While Bob McCulloch's handling of the Wilson-Brown shooting was wrong in a lot of ways, he did say something I found to be profound.
When asked last week how we prevent future situations like this from happening, he said:
"The idea, I hope, is to avoid ever being in that situation."
... at 34:25 in this video
That is an idea that everyone on all sides of this problem can agree on.
The Darrin Wilson's of the world don't want to police neighborhoods that they fear.
The Michael Brown's of the world don't want police who fear them policing their neighborhoods.
Bob McCulloch is right - the question to ask is how do we avoid creating communities that are set up to have people fear one another?
There is a lot to unpack in the idea of communities that are set up in such a way that people fear one another - centuries of history, hopes, aspirations, competition and more. I'll get to a few ideas of how that might be addressed later in the diary.
The immediate recurring problem of overly aggressive policing in these communities is an immediate crisis that needs immediate solutions to help stem the suffering.
Body cameras are a good idea, but to my mind, while they help treat the immediate crisis, they don't stop the crisis from happening to begin with. They treat the symptom but not the disease.
That said, until we can create communities that are more safe, stable, healthy and optimistic, I am all for body cameras to help treat the symptom of police-community fear and all the pain that flows from that relationship.
But the larger challenge is to avoid ever being in that situation. To solve that problem, we need to create healthy, stable, safe and optimistic communities so that we help police and people in those communities not fear one another, and so we don't ask people in these communities to put their lives at risk — it is not fair to the Michael Brown's of the world, and it is not fair to the Darrin Wilson's of the world.
I am no expert, and I am certain many others have thought this through much better than I have here, but there are several concepts I think most would agree can help these communities and the law enforcement who are a part of these communities to avoid ever being in that situation:
1. Give people a decent living standard - that could be accomplished through a minimum wage, through access to quality healthcare, through access to good housing and well planned neighborhoods, parks, safe street design and maintenance. I am sure there are a number of other measures that I haven't thought of.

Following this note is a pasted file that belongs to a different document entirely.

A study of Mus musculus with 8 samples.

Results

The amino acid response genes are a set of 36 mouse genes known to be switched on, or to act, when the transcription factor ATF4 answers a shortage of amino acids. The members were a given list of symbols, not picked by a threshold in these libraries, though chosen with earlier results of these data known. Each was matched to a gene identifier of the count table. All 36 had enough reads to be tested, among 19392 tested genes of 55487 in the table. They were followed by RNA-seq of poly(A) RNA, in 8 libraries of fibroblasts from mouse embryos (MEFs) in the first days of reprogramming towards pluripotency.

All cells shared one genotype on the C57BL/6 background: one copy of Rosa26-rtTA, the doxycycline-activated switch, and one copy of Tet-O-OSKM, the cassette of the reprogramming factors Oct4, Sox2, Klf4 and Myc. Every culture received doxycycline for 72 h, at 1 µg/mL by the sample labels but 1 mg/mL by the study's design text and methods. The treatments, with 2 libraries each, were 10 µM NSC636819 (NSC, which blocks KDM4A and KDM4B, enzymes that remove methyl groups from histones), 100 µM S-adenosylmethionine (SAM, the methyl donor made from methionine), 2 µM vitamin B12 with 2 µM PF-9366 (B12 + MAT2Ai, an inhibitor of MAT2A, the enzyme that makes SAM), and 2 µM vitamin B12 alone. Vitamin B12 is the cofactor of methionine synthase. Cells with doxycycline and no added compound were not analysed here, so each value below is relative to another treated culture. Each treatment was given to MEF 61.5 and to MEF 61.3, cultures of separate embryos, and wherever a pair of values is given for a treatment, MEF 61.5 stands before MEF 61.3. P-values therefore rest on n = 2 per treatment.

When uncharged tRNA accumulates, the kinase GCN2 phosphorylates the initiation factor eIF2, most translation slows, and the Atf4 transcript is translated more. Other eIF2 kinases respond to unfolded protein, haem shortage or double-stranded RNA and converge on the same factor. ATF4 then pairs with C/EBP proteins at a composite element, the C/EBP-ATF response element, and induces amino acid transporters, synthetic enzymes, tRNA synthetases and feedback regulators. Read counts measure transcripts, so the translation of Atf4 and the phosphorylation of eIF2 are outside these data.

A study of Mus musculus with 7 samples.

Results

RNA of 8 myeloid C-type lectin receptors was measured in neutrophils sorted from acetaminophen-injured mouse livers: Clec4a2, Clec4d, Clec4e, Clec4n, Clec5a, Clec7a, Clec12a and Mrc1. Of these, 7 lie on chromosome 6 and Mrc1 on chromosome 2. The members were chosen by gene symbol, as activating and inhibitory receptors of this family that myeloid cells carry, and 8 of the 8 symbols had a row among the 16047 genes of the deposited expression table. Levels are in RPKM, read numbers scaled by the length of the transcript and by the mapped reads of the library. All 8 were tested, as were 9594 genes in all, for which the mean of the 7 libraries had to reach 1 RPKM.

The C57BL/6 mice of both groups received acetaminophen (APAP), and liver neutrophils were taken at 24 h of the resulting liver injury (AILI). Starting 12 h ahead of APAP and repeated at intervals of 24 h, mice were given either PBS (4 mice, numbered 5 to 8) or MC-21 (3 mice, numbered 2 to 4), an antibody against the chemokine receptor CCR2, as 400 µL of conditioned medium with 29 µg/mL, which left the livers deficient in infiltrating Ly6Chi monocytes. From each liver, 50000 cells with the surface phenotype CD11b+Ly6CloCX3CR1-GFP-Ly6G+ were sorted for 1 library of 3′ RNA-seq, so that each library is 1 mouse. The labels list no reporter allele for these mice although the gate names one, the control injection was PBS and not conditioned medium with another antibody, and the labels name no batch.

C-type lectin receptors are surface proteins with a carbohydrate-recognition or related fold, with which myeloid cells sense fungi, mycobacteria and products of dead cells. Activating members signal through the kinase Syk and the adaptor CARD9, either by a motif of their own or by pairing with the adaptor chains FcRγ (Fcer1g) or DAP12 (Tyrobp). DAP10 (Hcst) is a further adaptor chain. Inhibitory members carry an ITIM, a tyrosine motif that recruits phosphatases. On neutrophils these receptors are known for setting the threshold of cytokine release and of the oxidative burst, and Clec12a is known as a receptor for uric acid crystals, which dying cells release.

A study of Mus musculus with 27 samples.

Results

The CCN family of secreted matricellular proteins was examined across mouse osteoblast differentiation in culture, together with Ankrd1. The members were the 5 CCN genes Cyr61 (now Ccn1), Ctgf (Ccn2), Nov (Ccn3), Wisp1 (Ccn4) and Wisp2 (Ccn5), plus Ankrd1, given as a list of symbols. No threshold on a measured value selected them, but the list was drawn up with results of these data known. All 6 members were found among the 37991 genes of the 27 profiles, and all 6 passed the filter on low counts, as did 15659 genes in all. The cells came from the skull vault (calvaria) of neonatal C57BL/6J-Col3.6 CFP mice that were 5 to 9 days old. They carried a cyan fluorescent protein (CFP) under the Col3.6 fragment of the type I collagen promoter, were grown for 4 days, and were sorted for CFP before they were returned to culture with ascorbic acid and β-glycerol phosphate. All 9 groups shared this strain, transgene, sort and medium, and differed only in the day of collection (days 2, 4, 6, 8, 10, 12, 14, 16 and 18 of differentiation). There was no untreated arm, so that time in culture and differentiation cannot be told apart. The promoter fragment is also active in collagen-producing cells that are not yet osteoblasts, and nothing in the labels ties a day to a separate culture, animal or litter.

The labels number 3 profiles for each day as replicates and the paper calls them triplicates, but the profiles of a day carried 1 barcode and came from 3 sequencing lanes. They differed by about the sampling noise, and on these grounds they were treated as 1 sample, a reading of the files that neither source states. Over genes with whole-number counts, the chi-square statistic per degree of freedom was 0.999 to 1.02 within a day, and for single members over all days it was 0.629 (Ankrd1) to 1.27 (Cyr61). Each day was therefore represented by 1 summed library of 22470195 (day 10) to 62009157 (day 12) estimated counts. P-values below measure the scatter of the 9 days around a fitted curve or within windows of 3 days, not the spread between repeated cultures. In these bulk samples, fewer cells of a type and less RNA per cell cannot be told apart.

2. Bring the diverse members of all communities together in face-to-face settings, where people who often don't cross paths in life, can see one another for who they really are - just people, who want the same things out of life: happiness, health, respect, opportunity, love. This could be accomplished through civic activities - sports (little league, soccer, basketball, etc., and police are encouraged to coach, volunteer); food co-ops where farmers come to the inner city to describe their farms, products, issues they face, their families, etc. and police are encouraged to help in some fashion at the food co-op); inter-faith organization activities. Again, I am sure there are a number of other measures that I haven't thought of and I am sure there are many that are already in place and working on these issues.
Bob McColluch's statement — The idea, I hope, is to avoid ever being in that situation — is simple and profound.
I'd like to see him follow up that statement with action.
If he thinks some of the ideas laid out above are worthwhile and would help Ferguson and other communities like them to avoid ever being in that situation, I'd like to see him and the commission set up by Jay Nixon to address the problems associated with Ferguson, lead an effort to implement them.
I am sure the commission will come up with other ideas - implement those in Ferguson and in other communities across the United States that can benefit from them.
Finally, this issue is part of a larger conversation this country needs to have — as an advanced, developed economy and country, are we going to try to strip away the growth and progress that was made in the 20th Century and was led by progressives at the grass-roots level and implemented by progressive-minded politicians (Teddy and Franklin Roosevelt, Harry Truman, John Kennedy, Lyndon Johnson), progress that gave use food safety and security, progress that gave us clean water and air, progress that gave us education opportunities, job and wage security and stability, progress that gave us healthcare security, progress that gave use Civil Rights and Voting Rights, or are we going to continue to cut taxes on the wealthiest in this country and cut spending that supports the progressive state that was built over the last century?
We see the kind of instability, anxiety and fear that are encouraged and exacerbated by financial/capital-gain driven economies that are focused on distributing wealth and financial security and stability to only a few and those resources are then supposed to be trickled down on the rest.
That is a system that, in my opinion, encourages situations such as Ferguson, where the health, happiness, stability and security go to certain communities at the expense of other communities, and we create the exact situation Bob McCulloch says we need to avoid.